On November 1, 2022, following a five-day trial, a federal jury in Nashville returned a verdict in favor of three Bulso PLC clients on civil charges brought by the Securities and Exchange Commission. The Defendants were represented at trial by Gino Bulso. The SEC was represented by five lawyers from its Atlanta office and—following a court order that they have local counsel—from the Nashville US Attorney’s office.
In 2020, the SEC filed a complaint alleging that a middle Tennessee investment-advisor firm and two of its principals had violated the Investment Advisers Act, 15 U.S.C. § 80b-6, and its related regulations, by engaging in fraud and breaches of fiduciary duty and by failing to implement proper policies and procedures. According to the SEC, the firm and its principals had engaged in conflict-of-interest transactions and misled clients by unnecessarily investing in mutual funds that charged “12b-1 fees” (so called because the fees are authorized by SEC rule 12b-1). The firm was also charged with failing to adopt written policies designed to prevent such improper investments.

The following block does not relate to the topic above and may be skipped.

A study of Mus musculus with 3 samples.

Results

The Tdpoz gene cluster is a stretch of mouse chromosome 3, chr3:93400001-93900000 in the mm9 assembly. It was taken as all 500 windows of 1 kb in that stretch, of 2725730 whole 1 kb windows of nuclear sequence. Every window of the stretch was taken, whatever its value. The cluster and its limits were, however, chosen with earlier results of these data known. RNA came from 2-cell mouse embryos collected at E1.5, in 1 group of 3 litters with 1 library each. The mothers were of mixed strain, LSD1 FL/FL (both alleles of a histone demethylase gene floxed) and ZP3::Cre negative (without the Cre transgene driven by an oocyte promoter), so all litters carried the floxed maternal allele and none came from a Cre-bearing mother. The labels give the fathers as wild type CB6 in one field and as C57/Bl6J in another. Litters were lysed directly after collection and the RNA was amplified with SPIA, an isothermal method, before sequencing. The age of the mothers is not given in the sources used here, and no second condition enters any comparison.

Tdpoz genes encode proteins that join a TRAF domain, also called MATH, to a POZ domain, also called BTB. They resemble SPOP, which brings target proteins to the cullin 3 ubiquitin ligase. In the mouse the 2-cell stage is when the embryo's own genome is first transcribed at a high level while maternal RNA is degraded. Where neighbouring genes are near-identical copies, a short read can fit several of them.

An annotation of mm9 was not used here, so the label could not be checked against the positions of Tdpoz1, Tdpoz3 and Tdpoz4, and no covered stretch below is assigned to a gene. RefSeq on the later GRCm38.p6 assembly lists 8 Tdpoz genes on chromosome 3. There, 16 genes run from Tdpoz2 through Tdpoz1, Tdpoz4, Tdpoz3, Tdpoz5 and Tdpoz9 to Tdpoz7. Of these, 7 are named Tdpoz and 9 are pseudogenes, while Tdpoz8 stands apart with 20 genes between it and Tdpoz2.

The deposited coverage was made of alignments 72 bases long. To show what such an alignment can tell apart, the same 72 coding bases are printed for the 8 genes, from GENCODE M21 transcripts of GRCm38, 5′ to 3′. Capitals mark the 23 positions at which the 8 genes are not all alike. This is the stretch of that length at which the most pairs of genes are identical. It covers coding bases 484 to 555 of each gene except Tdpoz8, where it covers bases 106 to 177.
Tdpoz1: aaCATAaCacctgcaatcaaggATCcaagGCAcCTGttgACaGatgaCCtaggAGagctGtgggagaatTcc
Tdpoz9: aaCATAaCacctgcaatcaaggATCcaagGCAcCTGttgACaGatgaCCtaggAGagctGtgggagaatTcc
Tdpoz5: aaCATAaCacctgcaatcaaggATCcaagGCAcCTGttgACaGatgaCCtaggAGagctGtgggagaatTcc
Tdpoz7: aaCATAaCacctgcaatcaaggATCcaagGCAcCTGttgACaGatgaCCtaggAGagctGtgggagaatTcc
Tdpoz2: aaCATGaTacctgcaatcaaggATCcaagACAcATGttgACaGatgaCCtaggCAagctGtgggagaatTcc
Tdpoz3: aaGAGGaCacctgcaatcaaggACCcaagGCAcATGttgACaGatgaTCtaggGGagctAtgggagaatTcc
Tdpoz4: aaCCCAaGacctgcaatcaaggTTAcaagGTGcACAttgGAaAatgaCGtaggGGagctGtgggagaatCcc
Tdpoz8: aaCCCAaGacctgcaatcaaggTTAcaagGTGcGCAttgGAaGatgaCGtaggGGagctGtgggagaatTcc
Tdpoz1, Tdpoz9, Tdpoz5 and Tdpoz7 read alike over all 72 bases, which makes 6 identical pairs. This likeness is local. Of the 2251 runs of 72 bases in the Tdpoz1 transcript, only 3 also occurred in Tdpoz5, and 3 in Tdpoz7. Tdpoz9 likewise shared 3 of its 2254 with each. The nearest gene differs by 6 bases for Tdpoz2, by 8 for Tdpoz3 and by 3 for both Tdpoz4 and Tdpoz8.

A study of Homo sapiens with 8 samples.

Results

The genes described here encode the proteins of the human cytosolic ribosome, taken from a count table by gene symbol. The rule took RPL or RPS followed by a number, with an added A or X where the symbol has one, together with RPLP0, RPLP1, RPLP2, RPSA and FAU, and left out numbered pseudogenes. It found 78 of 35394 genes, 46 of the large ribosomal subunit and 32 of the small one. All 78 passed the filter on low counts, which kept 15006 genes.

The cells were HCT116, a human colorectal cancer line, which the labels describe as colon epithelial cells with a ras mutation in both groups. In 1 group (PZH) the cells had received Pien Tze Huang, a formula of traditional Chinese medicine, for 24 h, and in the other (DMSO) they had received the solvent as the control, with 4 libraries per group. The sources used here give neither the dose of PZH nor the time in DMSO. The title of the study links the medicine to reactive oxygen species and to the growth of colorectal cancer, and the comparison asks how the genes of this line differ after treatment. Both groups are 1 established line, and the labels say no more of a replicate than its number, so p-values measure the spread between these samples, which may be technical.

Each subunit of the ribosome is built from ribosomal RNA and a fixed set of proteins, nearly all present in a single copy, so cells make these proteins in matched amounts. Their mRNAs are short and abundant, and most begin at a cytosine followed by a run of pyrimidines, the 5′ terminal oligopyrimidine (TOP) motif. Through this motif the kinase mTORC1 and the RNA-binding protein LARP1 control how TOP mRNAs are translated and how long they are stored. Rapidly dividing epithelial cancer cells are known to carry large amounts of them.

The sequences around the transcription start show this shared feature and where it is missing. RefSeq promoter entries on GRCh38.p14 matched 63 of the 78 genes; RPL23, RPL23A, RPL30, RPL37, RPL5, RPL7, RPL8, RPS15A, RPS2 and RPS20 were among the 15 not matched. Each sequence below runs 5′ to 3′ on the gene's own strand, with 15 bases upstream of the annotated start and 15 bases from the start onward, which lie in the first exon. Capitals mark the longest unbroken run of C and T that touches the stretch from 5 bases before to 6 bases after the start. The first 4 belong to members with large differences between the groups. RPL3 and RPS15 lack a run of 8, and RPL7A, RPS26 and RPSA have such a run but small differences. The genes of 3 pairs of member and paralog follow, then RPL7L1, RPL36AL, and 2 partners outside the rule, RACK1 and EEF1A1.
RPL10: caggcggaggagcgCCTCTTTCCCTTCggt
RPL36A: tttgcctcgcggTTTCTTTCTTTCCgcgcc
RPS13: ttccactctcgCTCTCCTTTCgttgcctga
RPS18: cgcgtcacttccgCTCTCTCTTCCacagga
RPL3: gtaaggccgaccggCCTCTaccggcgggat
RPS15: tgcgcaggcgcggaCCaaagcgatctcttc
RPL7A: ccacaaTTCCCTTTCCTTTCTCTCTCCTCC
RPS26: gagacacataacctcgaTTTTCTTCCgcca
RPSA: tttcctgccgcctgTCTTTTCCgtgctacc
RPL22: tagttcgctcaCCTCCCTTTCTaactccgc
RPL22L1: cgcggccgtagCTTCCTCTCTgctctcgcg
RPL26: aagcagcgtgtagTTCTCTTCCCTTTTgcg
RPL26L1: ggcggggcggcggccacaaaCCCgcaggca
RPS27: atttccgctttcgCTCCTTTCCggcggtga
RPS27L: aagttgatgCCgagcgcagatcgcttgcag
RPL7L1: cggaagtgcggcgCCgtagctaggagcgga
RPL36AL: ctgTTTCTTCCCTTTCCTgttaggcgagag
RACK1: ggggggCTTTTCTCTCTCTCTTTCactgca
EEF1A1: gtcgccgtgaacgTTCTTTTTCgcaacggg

At trial, however, the Defendants showed that they had made full and adequate disclosures to clients, had discounted other fees for clients incurring 12b-1 fees to offset those, and that their approach was designed to (and did) maximize tax efficiency for clients.
The jury agreed, finding after five hours of deliberation that neither the firm nor either of its principals had misled any client in violation of the Investment Advisers Act and that the firm had not failed to implement appropriate written policies.
The case is one of a long string of actions the SEC has brought in recent years charging advisers with misleading investors over mutual funds charging 12b-1 fees. Many of these cases have resulted in settlements or judgments in favor of the SEC requiring advisers and their firms to pay hundreds of thousands or millions of dollars in fines, penalties, and disgorgement.